Happy Birhtday, Banjo
Today Andrew Barton Paterson, known as Banjo to his readers, was born in Narrambla, New South Wales, 1864. I expect most Americans only know "The Man from Snowy River", and that from the movie, but he also wrote the words to "Waltzing Matilda". For a time this prolific poet was one of the most popular in the English-speaking world. And look - the Australians even put him on their money! Many of his works are here, and here's a nice one to go on with:
The Wind's Message
There came a whisper down the Bland between the dawn and dark,
Above the tossing of the pines, above the river's flow;
It stirred the boughs of giant gums and stalwart iron-bark;
It drifted where the wild ducks played amid the swamps below;
It brought a breath of mountain air from off the hills of pine,
A scent of eucalyptus trees in honey-laden bloom;
And drifting, drifting far away along the Southern line
It caught from leaf and grass and fern a subtle strange perfume.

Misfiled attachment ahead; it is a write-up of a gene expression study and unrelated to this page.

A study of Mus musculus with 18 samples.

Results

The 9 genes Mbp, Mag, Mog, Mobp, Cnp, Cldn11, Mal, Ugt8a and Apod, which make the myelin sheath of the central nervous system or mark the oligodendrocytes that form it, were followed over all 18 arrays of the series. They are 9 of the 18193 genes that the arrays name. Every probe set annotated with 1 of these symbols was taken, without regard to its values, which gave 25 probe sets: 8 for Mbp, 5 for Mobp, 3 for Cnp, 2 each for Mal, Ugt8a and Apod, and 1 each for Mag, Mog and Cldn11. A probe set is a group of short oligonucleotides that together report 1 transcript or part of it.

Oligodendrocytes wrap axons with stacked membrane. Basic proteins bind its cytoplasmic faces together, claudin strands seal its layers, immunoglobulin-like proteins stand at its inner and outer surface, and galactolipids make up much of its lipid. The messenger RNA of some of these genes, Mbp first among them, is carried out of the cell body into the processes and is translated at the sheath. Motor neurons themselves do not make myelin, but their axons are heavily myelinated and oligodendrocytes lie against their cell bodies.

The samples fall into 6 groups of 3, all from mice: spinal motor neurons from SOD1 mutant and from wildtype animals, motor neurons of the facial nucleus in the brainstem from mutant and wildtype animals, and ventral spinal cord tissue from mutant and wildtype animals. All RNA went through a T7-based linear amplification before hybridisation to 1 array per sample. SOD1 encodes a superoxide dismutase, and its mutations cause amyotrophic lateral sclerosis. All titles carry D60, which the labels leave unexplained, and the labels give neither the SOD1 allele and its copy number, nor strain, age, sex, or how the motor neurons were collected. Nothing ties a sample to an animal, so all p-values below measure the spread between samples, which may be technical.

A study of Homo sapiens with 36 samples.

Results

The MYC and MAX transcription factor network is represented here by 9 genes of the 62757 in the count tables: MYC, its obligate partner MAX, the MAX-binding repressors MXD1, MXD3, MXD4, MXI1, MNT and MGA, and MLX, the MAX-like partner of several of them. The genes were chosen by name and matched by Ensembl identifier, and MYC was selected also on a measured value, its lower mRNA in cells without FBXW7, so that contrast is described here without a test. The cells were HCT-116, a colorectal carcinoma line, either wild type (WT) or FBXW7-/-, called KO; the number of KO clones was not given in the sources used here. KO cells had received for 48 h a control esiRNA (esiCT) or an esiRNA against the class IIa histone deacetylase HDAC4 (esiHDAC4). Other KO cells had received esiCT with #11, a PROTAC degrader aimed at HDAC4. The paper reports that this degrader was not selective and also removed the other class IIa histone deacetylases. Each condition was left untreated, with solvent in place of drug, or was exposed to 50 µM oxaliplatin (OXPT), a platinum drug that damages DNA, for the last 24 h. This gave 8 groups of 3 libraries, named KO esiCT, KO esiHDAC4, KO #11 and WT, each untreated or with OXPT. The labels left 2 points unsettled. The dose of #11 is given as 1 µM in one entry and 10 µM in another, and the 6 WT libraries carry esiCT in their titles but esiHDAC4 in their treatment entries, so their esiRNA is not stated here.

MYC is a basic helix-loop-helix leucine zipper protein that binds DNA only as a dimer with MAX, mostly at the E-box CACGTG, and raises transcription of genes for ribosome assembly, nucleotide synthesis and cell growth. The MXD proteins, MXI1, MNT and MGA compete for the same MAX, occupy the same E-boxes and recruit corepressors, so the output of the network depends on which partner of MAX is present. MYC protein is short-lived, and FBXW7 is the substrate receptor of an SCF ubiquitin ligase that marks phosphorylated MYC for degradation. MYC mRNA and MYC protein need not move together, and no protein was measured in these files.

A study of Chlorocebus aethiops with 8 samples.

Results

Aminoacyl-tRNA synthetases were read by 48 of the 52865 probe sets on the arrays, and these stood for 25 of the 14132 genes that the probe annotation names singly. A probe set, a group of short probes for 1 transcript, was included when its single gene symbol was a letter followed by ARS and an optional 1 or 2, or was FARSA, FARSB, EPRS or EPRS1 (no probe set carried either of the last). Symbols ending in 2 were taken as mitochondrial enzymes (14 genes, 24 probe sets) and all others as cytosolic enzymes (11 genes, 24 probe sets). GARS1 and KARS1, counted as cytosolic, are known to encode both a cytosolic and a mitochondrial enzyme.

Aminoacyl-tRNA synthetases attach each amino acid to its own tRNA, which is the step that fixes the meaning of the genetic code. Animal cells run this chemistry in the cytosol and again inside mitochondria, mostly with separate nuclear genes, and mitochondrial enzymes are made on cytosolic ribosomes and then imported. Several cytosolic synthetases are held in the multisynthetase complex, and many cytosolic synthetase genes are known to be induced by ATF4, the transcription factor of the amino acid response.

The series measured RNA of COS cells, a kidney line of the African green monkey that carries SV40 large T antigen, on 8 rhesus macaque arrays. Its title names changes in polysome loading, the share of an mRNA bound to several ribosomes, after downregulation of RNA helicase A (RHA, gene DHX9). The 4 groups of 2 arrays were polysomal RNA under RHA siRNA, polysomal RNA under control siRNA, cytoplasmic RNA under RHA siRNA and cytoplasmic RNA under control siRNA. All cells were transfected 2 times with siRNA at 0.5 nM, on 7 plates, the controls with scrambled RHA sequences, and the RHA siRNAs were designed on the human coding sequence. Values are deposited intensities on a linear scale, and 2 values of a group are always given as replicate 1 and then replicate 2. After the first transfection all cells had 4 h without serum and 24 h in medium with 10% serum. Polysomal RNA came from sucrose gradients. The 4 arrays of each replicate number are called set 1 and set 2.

It reached the toiling city folk, but few there were that heard—
The rattle of their busy life had choked the whisper down;
And some but caught a fresh-blown breeze with scent of pine that stirred
A thought of blue hills far away beyond the smoky town;
And others heard the whisper pass, but could not understand
The magic of the breeze's breath that set their hearts aglow,
Nor how the roving wind could bring across the Overland
A sound of voices silent now and songs of long ago.
But some that heard the whisper clear were filled with vague unrest;
The breeze had brought its message home, they could not fixed abide;
Their fancies wandered all the day towards the blue hills' breast,
Towards the sunny slopes that lie along the riverside,
The mighty rolling western plains are very fair to see,
Where waving to the passing breeze the silver myalls stand,
But fairer are the giant hills, all rugged though they be,
From which the two great rivers rise that run along the Bland.
Oh! rocky range and rugged spur and river running clear,
That swings around the sudden bends with swirl of snow-white foam,
Though we, your sons are far away, we sometimes seem to hear
The message that the breezes bring to call the wanderers home.
The mountain peaks are white with snow that feeds a thousand rills,
Along the rive banks the maize grows tall on virgin land,
And we shall live to see once more those sunny southern hills,
And strike once more the bridle track that leads along the Bland.